What is the consequence of missing data?
If your dataset contains missing data, then the multivariate analysis will be performed only on the complete cases of your dataset: patients with missing data will be removed from the analyses. It means that you will test a part of your patients and lose statistical power and representativeness.
To avoid this loss, statistical techniques have been developed to replace missing data and still be able to use the whole dataset for analyses. This is called imputation.
Can you tell me more about imputation?
A large set of techniques have been developed to impute missing data. From the simplest to the more complex:
- replacement of missing data by the mean (or median) for numeric variable.
- creation of a "missing data" modality for categorical variable.
- the k-nearest neighbor imputation: each missing data is replaced by the data observed for the most similar patient.
- the hotdeck method: each missing data is replaced by the data observed for a similar subject randomly chosen among a set of similar patients.
- the multiple imputation: multiple imputed datasets are created and then combined to compute unbiased coefficients.
What is the more suitable option for my dataset?
The best way to deal with missing data is to avoid them by collecting as precisely as possible your data.
In reality, it is rarely possible to have a complete cases dataset. Then, in multivariate analysis you will need to make some choices to be able to perform your analysis.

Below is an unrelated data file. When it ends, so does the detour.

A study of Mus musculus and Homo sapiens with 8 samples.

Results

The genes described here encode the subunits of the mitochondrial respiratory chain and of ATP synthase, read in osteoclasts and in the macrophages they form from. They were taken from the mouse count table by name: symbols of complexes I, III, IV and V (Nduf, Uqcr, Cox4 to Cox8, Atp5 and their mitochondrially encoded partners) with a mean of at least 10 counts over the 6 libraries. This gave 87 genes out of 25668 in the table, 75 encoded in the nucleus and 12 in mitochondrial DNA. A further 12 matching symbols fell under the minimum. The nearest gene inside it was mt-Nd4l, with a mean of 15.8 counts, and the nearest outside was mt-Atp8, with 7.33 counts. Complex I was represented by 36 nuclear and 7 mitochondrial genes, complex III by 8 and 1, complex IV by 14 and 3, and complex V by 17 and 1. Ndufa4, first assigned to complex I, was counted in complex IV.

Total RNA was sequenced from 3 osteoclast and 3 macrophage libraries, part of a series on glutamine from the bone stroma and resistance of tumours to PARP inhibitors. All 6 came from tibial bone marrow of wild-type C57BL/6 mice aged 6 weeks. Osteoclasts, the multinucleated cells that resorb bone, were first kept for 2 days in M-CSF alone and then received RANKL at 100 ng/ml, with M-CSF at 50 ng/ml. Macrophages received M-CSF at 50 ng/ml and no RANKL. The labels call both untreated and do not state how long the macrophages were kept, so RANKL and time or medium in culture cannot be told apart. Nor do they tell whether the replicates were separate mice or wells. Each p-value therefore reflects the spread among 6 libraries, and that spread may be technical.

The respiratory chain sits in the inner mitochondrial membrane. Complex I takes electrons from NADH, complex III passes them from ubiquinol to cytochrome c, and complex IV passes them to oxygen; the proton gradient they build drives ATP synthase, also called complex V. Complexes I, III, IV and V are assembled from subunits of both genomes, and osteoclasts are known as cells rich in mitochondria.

In EMS, if a variable has more than 50% of missing data, it will be automatically removed from the analysis.
If a variable has less than 10% of missing data, the patients will be automatically removed from the analysis.
In other cases, EMS proposes you to:
- remove the variables with missing data
- impute the missing data by the mean (numeric data) or by the most common modality (categorical data)
It is usually admitted that if you have less than 10 % of missing data in your dataset, the imputation of the incomplete cases will not improve the quality of the results compared with their deletion. There is not yet a clear guideline to deal with missing data, each choice has to be made regarding the specificity of the data and the research question.
For more details, see the following articles:
Sharath S.E., Zamani N., Kougias P., Kim S. Missing data in surgical data sets: a review of pertinent issues and solutions. Journal of surgical research. 2018:232;240-246.